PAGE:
This great story was sent to Modern Athlete by Raymond Fuller, editor of the acsis Varsity Old Boys (VOB) club magazine, Imabaleki. He wrote that they had a lovely article submitted by Emily Cooper, the 13-year-old daughter of one of their members, Nicky Horenz, and they decided to publish it virtually unedited – they even left in the ‘smiley faces’. Emily was in charge of the club’s mascot at Comrades while her mom was running. From the sounds of things, the club actually had two mascots at this year’s race! Here is Emily’s story in her own words, republished here with her permission – virtually unedited and complete with ‘smiley faces’.
Running is a big part of my life. I love to run, even if I am not very good at it. Every year for the past three years I have asked for a ticket to go watch my mom run Comrades as my birthday present. I was unsuccessful the first time, but for the second two my mom gave in. 🙂
I was so excited to go to Comrades this year because it is one of my favourite times of the year, and she hadn’t done it last year. About a week before we were set to fly to Durban, my mom arrived home with a bear dressed in running kit. I was introduced to Bruce and was told that Coach Ray had asked me to take care of him at Comrades. My Comrades trip just got even more exciting.
After a whole lot of studying, it was finally time to leave for Comrades. I missed school that Friday and was going to miss the next Monday and Tuesday. I don’t think I’ll ever forget lying in the sun at our hotel and thinking, ‘My friends are doing exams right now’. 🙂
The flight felt much longer than what it really was, but eventually we landed in Durban. Even as you step out of the aeroplane you can feel the buzz. Everyone is thinking about Comrades and the weekend coming up was only about the runners. After sitting in traffic for about half an hour, to cover about half a kilometre, we finally got to the Expo. Along with the finish, the Expo is one of my favourite parts and I’m sure a lot of runners would agree with me.
The Expo is just magical. Everyone is so excited about what is going to happen in just two days’ time. Nerves are being thrown about and the excitement is growing. After buying a few things, and my sister’s very own bear, we met the gang at the bar where my grandfather was excited to find a beer called the Whistling Weasel. Even Bruce had a beer. 🙂 The next day we had to put up the VOB tent at the finish. Everyone on the club’s Comrades Committee helped to put it up, which was where I first met Bev and Dave and Thomas.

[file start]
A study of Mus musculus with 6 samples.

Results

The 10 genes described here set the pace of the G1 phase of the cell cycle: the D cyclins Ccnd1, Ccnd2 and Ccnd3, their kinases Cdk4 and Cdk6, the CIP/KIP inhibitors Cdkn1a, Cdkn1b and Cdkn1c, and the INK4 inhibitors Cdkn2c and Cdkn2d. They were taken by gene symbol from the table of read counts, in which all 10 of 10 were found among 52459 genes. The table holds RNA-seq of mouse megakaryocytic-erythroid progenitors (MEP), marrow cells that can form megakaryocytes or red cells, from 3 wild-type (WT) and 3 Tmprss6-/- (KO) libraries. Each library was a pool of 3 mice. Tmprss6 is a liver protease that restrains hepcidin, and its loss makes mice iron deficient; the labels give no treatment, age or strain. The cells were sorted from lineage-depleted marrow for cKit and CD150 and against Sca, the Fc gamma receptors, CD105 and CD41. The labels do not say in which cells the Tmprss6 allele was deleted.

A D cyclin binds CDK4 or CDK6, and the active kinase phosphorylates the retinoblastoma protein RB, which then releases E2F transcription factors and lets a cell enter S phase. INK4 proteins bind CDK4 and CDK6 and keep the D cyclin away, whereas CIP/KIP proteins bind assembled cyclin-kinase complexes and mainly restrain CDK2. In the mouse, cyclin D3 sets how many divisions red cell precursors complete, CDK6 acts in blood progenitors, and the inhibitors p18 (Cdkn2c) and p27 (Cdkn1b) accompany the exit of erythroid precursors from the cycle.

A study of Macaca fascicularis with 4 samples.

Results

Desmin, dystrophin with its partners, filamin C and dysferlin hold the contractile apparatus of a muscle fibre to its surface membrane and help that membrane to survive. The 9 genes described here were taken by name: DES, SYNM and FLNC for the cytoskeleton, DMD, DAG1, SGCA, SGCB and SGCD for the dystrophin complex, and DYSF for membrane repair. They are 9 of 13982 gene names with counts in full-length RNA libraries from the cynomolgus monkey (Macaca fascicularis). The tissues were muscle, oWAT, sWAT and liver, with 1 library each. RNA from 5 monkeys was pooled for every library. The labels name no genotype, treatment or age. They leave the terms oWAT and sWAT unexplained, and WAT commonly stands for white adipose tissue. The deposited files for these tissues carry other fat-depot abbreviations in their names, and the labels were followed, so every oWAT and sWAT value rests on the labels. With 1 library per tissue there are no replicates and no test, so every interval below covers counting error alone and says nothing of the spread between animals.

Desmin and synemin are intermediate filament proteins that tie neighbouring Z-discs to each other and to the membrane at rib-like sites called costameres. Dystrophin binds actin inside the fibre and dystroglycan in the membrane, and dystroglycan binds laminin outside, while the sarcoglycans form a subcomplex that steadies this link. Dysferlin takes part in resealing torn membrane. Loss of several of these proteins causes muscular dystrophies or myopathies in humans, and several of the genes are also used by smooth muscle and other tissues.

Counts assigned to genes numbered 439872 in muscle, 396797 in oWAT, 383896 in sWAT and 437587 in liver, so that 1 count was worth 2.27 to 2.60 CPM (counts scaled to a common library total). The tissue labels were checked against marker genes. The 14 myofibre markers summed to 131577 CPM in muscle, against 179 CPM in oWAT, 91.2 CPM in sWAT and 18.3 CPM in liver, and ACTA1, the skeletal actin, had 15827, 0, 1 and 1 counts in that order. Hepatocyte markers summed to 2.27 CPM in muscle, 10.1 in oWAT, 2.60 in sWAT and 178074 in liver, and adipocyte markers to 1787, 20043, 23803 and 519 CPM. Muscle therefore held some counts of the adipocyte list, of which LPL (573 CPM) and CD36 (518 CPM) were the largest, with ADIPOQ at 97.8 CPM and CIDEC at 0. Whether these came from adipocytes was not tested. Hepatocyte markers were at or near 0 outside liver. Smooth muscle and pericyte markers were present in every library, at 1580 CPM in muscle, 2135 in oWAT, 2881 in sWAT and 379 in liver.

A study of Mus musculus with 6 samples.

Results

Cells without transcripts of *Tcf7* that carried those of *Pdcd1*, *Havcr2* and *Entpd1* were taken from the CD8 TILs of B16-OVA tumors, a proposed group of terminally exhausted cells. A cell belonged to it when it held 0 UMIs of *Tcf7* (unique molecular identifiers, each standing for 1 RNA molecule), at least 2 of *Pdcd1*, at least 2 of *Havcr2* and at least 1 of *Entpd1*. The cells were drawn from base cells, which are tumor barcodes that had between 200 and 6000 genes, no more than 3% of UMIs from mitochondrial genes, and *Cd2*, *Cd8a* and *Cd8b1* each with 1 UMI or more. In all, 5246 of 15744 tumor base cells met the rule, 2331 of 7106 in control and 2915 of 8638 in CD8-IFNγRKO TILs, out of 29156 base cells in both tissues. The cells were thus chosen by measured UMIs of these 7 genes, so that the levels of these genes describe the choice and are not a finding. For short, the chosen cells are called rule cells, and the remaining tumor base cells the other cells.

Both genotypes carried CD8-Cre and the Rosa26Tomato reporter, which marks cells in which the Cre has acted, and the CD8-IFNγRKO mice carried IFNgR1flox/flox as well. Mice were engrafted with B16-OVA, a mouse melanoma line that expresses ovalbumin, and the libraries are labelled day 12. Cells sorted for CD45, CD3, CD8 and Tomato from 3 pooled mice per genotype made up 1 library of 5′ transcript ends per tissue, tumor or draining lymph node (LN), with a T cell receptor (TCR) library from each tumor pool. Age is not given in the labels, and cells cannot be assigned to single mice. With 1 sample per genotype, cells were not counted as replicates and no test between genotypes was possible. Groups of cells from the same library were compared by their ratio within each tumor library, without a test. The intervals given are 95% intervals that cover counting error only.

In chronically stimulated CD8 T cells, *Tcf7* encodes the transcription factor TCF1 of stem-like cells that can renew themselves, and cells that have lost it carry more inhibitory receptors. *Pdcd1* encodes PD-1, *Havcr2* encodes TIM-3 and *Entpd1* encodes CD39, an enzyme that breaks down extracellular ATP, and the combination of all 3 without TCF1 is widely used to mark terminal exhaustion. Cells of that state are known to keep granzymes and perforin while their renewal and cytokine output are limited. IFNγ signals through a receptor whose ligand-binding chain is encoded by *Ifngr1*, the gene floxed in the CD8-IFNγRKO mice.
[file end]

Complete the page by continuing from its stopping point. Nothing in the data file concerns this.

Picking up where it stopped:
It didn’t take long to put up and we all posed for photos in front of the finish and worked out which cameras would be pointing at my mom as she ran down the finishing straight with Bruce. Even then you could feel the vibe. The atmosphere was incredible, to say the least.
The alarms sounded at 2am for my mom and Di to get up, but Bruce and I stayed in bed until 5:30am – because the best supporters need their sleep! 🙂
Bruce’s number was on and ready to go. Our first stop was at 33km into the race, where Bev had to stop running. We saw most of the runners that we needed to and a lot of VOB runners, who Bruce waved to. Bruce was very popular among the runners and spectators alike, and became even more popular as the day went on. I remember a runner from Australia took a photo of Bruce cheering the runners on. We helped Bev to the car, all feeling a little down, but assuring her that it can happen to the best, even though it doesn’t make anyone feel better.
Our next stop was at 60km: ‘The Big Downhill’ at Fields Hill. We saw many runners grimace while going down that very steep hill. That was my favourite stop, because there was music playing and the vibe was once again incredible. All our amazing runners went past, all smiling and looking strong, but I think the Biggest Smile Award definitely has to go to Linda Coetzee who runs for Pinelands and was doing her first Comrades. That was the last stop that we could go to because we needed to get to the finish.
As I said, the finish is one of my favourite parts. Everything about it is incredible. The looks on the faces of those runners are indescribable and priceless. Bruce cheered all the runners that crossed that line, but he was slightly biased towards the VOB runners, including our silver medallists, Alan Matthews, Duncan Gilmour and Joanna Thomas. 🙂
After a while of waiting and cheering and climbing up poles to get a better view, we saw the runners who were in front of mom come in. Smiles everywhere. I think it’s impossible not to smile when finishing something this amazing. And mostly everyone stayed to see the rest of the runners in.
Then the blonde hair. I saw it running towards me and I knew that my mom had just entered the stadium. She ran past and grabbed Bruce. I climbed off my pole and ran to the VOB tent and waited for my mom. Everyone was there, smiling and grimacing, smiling and grimacing. Congratulations were given to all the runners, and the feeling of utmost happiness was indescribable.
My mom ‘waddled’ over to the VOB tent and sat down. She got a finishing time of 9:50:13, which to me is amazing. Cellphones were going crazy, as a lot of my family had seen my mom and Bruce cross the line on TV. Bruce was handed back to me, all wet and smelly. Oh well, it’s a runner smell, a smell I have grown up with. 🙂
The day was, for most, an incredible success, but all good things have to come to an end, and so this one did. That was the end of Bruce and my Comrades 2010 experience, but what’s the bet we will be back next year?
All you runners who even got to the start of this run, you are all my role models, and you are incredible, if slightly mad. 🙂 Bruce and I had an amazing experience and I’m so grateful to have been given the opportunity. Thank you!